Landstrips and sustainable city development

It is a common misconception that sustainability in air travel is just about curbing CO2 emissions from airplanes. Of course this helps but the aviation industry’s responsibilities are far wider than this.

The sector is responsible for about 2 per cent of global greenhouse gas emission but it also has a pivotal role to play in driving forward sustainable urban development. Airports are hubs that provide for the various needs of our cities and they rely on numerous different modes of transport that operate in and around them. These networks require extensive coordination between airplanes, airports, buses, trains, passenger cars, ships and ports.

Regional and municipal decision-makers must support this coordination with incentives, green procurement and smart regulation if they are to create the right conditions for development. But innovation can come from the aviation industry itself.

As competition in the battle for air passengers grows ever fiercer, all of the industry’s players are driving to increase efficiency. But as airports are shared resources, this can promote both cooperation as well as competition. Around the world, airport operators can be doing far more to achieve better integration between economic, ecological and social objectives.

To get a better understanding of both policy and practice, I visited an airport that has attracted considerable international attention for its sustainability efforts – Arlanda Airport in Stockholm.

Beneath the surface of the airport a carbon neutral aquifer has been developed. It cools the terminals in the summer whilst storing warmth for the winter, when it is used in ground heating systems at aircraft parking stands and to heat air in the buildings. Not only does this help reduce the airport’s carbon footprint, it also saves money according to the CEO of the airport operator Swedavia, Torborg Chetkovics.

“We could write that investment off in five years time” she told me, “and then after that it’s just savings on the energy costs of the airport.” “We have worked very hard to decrease our environmental effects. We have minimized CO2 emissions by 50 percent and reduced our energy use by about 30 per cent. By 2020 we will have zero emissions of CO2 from our own activities,” she added.

Swedavia is responsible for 11 of Sweden’s airports that have been at the forefront of sustainable practice for years. It’s so green-conscious that only environmentally-friendly taxis are allowed in to collect passengers. What’s more, Swedavia takes an admirable level of responsibility for the wider network that it inhabits.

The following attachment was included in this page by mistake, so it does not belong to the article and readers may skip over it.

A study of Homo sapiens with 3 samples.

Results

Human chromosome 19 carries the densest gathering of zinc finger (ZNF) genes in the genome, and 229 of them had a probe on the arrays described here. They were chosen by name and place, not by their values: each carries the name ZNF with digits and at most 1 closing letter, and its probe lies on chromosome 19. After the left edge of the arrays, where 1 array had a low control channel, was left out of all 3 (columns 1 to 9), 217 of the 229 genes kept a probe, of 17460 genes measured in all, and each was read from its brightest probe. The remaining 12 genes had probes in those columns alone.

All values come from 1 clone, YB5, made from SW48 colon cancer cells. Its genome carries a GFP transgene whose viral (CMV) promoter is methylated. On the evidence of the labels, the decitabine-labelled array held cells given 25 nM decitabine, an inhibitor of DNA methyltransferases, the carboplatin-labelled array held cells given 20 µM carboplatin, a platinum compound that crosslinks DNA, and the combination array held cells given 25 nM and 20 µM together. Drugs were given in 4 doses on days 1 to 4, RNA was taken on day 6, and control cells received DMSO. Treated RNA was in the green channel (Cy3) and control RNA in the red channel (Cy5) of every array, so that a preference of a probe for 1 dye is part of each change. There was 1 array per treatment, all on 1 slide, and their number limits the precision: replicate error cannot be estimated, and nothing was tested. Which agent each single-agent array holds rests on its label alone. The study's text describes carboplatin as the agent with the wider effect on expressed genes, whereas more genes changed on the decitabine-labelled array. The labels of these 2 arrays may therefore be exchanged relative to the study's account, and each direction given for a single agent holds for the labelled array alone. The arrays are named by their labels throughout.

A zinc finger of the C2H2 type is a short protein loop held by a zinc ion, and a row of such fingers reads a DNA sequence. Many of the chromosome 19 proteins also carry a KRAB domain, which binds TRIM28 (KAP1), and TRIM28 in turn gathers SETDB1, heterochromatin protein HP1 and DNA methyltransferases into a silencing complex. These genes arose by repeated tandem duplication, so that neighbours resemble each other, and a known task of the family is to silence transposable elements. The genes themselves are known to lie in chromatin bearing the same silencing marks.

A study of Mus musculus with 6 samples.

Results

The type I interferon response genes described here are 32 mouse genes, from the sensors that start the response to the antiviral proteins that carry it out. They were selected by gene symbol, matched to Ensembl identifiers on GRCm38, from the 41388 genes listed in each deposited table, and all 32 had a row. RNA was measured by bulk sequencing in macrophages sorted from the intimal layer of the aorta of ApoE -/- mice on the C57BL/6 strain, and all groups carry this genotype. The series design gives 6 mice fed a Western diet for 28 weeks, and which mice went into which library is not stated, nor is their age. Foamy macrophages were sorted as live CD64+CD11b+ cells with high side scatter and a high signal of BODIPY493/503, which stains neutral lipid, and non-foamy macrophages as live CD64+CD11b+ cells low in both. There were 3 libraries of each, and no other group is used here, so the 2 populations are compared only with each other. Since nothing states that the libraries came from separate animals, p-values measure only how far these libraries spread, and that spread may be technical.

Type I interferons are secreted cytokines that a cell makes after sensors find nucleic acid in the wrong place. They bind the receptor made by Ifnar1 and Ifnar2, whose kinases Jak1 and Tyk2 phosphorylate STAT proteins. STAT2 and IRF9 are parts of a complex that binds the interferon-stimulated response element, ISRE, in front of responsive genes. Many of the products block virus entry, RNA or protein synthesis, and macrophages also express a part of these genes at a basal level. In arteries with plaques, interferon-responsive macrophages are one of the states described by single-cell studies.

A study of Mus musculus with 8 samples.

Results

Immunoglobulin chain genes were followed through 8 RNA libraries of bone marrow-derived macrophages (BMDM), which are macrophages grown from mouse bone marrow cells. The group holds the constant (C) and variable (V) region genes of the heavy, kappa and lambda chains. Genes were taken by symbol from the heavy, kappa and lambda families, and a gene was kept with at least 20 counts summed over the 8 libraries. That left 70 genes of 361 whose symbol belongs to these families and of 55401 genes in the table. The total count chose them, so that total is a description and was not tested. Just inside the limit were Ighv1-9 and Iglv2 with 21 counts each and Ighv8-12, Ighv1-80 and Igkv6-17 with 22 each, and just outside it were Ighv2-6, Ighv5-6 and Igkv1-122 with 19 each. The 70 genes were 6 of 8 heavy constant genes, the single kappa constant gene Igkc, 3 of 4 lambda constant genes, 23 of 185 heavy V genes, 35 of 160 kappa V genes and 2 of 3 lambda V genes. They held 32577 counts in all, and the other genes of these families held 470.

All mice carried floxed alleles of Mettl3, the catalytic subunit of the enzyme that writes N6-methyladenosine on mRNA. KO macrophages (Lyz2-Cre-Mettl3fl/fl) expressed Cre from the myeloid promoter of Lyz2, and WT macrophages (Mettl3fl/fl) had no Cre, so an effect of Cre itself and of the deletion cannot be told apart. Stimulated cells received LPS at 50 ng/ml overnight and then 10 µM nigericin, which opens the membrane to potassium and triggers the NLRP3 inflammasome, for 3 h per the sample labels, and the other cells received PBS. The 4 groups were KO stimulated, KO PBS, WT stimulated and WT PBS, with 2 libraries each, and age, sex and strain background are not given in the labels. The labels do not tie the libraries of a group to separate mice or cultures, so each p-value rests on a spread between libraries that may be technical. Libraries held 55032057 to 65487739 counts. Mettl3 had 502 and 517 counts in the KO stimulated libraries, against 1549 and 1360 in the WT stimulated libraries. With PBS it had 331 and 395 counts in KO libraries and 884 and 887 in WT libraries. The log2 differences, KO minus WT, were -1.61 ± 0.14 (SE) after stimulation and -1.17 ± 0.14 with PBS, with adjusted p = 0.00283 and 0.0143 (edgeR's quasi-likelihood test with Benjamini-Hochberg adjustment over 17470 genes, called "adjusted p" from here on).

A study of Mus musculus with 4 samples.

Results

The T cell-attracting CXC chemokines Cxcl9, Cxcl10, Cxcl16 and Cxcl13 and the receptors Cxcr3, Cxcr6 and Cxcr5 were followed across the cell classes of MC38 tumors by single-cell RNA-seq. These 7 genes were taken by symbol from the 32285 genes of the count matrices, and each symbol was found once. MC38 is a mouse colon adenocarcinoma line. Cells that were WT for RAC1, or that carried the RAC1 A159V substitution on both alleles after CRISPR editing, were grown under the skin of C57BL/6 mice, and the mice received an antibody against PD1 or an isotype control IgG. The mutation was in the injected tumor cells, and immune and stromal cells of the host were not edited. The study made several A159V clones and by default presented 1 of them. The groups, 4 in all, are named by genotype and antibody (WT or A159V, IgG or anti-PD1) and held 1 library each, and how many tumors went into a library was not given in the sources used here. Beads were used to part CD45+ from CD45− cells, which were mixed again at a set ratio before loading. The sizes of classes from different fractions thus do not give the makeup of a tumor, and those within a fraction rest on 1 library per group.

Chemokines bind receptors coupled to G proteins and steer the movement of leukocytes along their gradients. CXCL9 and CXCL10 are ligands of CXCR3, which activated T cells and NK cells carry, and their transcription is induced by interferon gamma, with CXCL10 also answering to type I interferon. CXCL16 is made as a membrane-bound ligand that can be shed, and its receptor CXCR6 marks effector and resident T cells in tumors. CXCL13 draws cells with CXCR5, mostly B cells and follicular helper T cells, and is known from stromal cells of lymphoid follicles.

“We also have a CO2 restriction that is linked not only to our activities, but also to how you are coming to and from the airport.” Chetkovics said. “This means that if you take your dirty car and travel to the airport and fly to Zurich, for example, then your CO2 emission is calculated from when you leave you home.” “I think we all need to understand that we need to work together and between the different modes of transportation. Politicians are primarily interested in discussing rail and road and that’s not bad, but they are missing the rest of it.”

Swedavia’s record suggests that this isn’t just talk. Right on cue, as I leave Arlanda after the interview I see the new charging stands for electric cars being installed and a counter showing visitors how much electricity is stored and how much CO2 has been saved.

Global urbanization means that we now have more than 400 cities with populations over 1 million people and about 44,000 airports served by 1,700 airlines. Airports are increasingly important hubs that link cities and promote development, particularly those in Africa, China and India that interconnect emerging powers with Europe, USA and South America.

But this growth, whilst enhancing commercial potential for the aviation industry, seems to have strengthened resistance to change. Sector-based lobbies (in this case from the airlines) and national government representatives are almost always the biggest threat to efforts to resolve environmental issues.

Let’s look to Arlanda Airport as a shining example. Its model breaks away from the traditional sector-based interests and instead shows that collaboration can result in competitive advantage. The numerous international awards that the Arlanda has won are tangible proof the airport is on track.

In Sweden there is evidence that successful collaborative models can be designed. A partnership involving airlines, airports and other transport operators have impressed internationally. Let us expand on these ideas and create the levels of interaction needed to bring about such sustainable urban development.

Stockholm-based Kaj Embrén has been involved with Sustainable Development for more than 30 years. He writes at www.kajembren.com, where this blog was originally published.